Housework is a necessary evil. Really, who likes to do things like doing the dishes, cooking, laundry, and cleaning up after the kids? Nobody does, but apparently men find it more evil than do women. According to a 2005 study from a study funded by the National Science Foundation (NSF) out of the University of Michigan’s Institute for Social Research, getting married increases the amount of time women spend on housework.1 Specifically, the study, which was based on a nationally representative sample, had married and unmarried participants record how much housework they did each day for a week. Overall, single women in their 20’s and 30’s did the least amount of housework. But the mere presence of a husband adds 7 additional hours of housework a week for wives. This makes sense; after all, marriage means an extra person living in the house, which creates more dishes to wash, more dirty socks to wash, etc. Yet, whereas husbands create extra work for wives, the presence of a wife creates an hour less of housework for husbands compared to bachelorhood.
The news is not all bad for women (I guess); across the last few decades, things do look a bit better for women. For example, compared to 1976, in 2005 women did 9 fewer hours of housework while men did 7 more hours. So things may be starting to even out, but in all age groups married men still did less housework than single men.
Not surprisingly, once couples have children, wives’ workload increases even further. In a Canadian sample of over 19,000 participants, women reported doing more housework than their husbands when there was a child at home who was under 5 years of age.2 The discrepancy in housework declines when children are between 5 and 18 apparently because men eventually take on more of the burden. A cross-cultural study of over 17,500 participants from 28 nations indicates that this issue is not unique to the United States.3 Their data reveal that women do more housework than men in every one of the 28 nations surveyed. Which were the most equitable nations? Sweden, Norway, and Finland. The least? Mexico, Chile, and Brazil. The United States was in the middle of the pack. Across all nations, married men do less housework than men who are live-in boyfriends. Interestingly, marriage leads to more work for women even if the couple holds the egalitarian view that men and women are equals. These findings suggest that the institution of marriage may be partially responsible for the wife’s added burden.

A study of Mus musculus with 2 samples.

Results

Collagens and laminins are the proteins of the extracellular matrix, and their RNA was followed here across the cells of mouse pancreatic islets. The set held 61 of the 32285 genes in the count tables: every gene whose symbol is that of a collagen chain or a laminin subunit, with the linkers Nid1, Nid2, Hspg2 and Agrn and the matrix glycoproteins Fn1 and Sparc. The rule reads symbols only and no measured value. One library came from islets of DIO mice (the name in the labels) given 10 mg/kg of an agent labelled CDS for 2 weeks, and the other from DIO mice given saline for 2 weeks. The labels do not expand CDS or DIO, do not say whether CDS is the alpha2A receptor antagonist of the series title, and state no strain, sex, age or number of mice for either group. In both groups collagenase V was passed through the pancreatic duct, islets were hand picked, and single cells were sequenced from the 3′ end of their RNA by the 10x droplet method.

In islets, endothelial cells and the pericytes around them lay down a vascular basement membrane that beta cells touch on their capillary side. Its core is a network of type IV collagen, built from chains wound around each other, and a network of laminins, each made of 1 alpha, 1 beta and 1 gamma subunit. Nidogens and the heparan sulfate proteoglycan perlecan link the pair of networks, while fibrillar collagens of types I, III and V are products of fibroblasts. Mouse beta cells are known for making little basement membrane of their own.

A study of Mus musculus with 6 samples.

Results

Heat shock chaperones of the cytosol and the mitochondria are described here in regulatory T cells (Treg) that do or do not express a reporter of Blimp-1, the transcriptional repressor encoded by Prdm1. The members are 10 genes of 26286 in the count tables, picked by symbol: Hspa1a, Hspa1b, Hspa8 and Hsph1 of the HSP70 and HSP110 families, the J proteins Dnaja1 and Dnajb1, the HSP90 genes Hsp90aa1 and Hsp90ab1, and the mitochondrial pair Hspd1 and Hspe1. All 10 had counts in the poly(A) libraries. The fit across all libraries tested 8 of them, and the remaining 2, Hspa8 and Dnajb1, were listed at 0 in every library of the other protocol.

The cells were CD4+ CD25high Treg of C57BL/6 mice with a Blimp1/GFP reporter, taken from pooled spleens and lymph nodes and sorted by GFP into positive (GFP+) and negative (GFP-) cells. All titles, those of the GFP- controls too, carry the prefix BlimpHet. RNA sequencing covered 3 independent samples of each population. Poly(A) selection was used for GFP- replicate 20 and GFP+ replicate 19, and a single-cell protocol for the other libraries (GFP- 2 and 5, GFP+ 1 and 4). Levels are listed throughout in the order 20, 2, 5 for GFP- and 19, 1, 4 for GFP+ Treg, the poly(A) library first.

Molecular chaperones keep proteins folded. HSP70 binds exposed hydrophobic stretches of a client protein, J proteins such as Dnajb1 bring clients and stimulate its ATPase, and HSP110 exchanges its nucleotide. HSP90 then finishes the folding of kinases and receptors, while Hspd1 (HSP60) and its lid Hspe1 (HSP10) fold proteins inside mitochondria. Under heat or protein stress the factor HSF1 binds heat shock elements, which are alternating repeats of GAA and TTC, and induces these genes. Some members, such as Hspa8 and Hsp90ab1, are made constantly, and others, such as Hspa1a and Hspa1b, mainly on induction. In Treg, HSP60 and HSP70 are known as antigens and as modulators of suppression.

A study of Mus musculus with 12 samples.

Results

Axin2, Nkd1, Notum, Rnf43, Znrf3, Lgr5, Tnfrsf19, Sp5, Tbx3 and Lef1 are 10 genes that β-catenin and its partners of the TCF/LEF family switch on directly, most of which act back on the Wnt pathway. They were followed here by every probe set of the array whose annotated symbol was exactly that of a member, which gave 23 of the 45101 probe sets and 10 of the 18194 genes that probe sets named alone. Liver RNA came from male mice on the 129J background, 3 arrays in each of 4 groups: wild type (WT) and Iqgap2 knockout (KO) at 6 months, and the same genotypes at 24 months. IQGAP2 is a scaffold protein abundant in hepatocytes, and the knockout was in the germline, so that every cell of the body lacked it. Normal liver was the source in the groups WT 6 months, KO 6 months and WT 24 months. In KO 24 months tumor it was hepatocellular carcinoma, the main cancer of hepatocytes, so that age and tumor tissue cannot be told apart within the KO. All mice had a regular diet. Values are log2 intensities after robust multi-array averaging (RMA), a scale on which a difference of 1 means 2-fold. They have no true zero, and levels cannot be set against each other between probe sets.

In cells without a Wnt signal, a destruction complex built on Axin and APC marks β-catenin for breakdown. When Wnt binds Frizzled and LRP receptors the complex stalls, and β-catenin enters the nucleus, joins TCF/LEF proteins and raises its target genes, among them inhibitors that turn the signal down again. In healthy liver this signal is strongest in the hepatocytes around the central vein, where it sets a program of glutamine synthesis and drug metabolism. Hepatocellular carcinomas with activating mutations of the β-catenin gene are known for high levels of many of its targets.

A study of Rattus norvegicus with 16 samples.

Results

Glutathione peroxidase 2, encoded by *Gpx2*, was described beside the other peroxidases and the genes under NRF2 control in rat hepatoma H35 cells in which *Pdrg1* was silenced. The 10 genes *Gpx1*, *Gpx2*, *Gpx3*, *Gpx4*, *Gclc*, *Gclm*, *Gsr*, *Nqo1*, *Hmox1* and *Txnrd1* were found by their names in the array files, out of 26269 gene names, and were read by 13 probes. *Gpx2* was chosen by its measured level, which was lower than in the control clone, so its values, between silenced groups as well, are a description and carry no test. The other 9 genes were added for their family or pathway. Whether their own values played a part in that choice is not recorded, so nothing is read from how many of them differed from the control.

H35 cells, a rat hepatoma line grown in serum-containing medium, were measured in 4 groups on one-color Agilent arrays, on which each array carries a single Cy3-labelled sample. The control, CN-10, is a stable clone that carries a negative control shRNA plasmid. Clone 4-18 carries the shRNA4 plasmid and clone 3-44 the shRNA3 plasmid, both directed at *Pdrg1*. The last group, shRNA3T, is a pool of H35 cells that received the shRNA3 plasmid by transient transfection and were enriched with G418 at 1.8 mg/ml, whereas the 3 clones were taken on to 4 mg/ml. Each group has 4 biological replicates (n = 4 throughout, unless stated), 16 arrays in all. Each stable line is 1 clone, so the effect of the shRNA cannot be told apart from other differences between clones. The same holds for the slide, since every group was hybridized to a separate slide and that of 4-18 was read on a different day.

Having a husband is clearly a lot of work for wives. As a result, when forming relationships it would be wise for women to favor men who hold more egalitarian views. In fact, research from a study of 12 developed nations from Europe and the US suggests this is the case.4 Women were more likely to marry or cohabitate with a man when the country’s proportion of egalitarian men was higher. On an individual level, egalitarian males were more likely to cohabitate or get married, while egalitarian women were less likely to do so. It may be that living with someone of the opposite sex is more appealing when you believe your partner will share the burden of doing housework.
I could write more, but I think I had better go cook dinner and throw in a load of laundry…
1National Science Foundation (2008). Chore wars: Men, women and housework. http://www.nsf.gov/discoveries/disc_summ.jsp?cntn_id=111458
2Ravanera, Z., Beaujot, R., & Liu, J. (2009). Models of earning and caring: Determinants of the division of work. Canadian Review of Sociology, 46(4), 319-337. doi:10.1111/j.1755-618X.2009.01217.x
3Davis, S. N., Greenstein, T. N., & Marks, J. P. (2007). Effects of union type on division of household labor: Do cohabiting men really perform more housework? Journal of Family Issues, 28, 1246-1272. doi: 10.1177/0192513X07300968
4Sevilla-Sanz, A. (2010). Household division of labor and cross-country differences in household formation rates. Journal of Population Economics, 23, 225–249. doi: 10.1007/s00148-009-0254-7
Dr. Gary Lewandowski – Science of Relationships articles | Website
Dr. Lewandowski’s research explores the self’s role in romantic relationships focusing on attraction, relationship initiation, love, infidelity, relationship maintenance, and break-up. Recognized as one of the Princeton Review’s Top 300 Professors, he has also authored dozens of publications for both academic and non-academic audiences.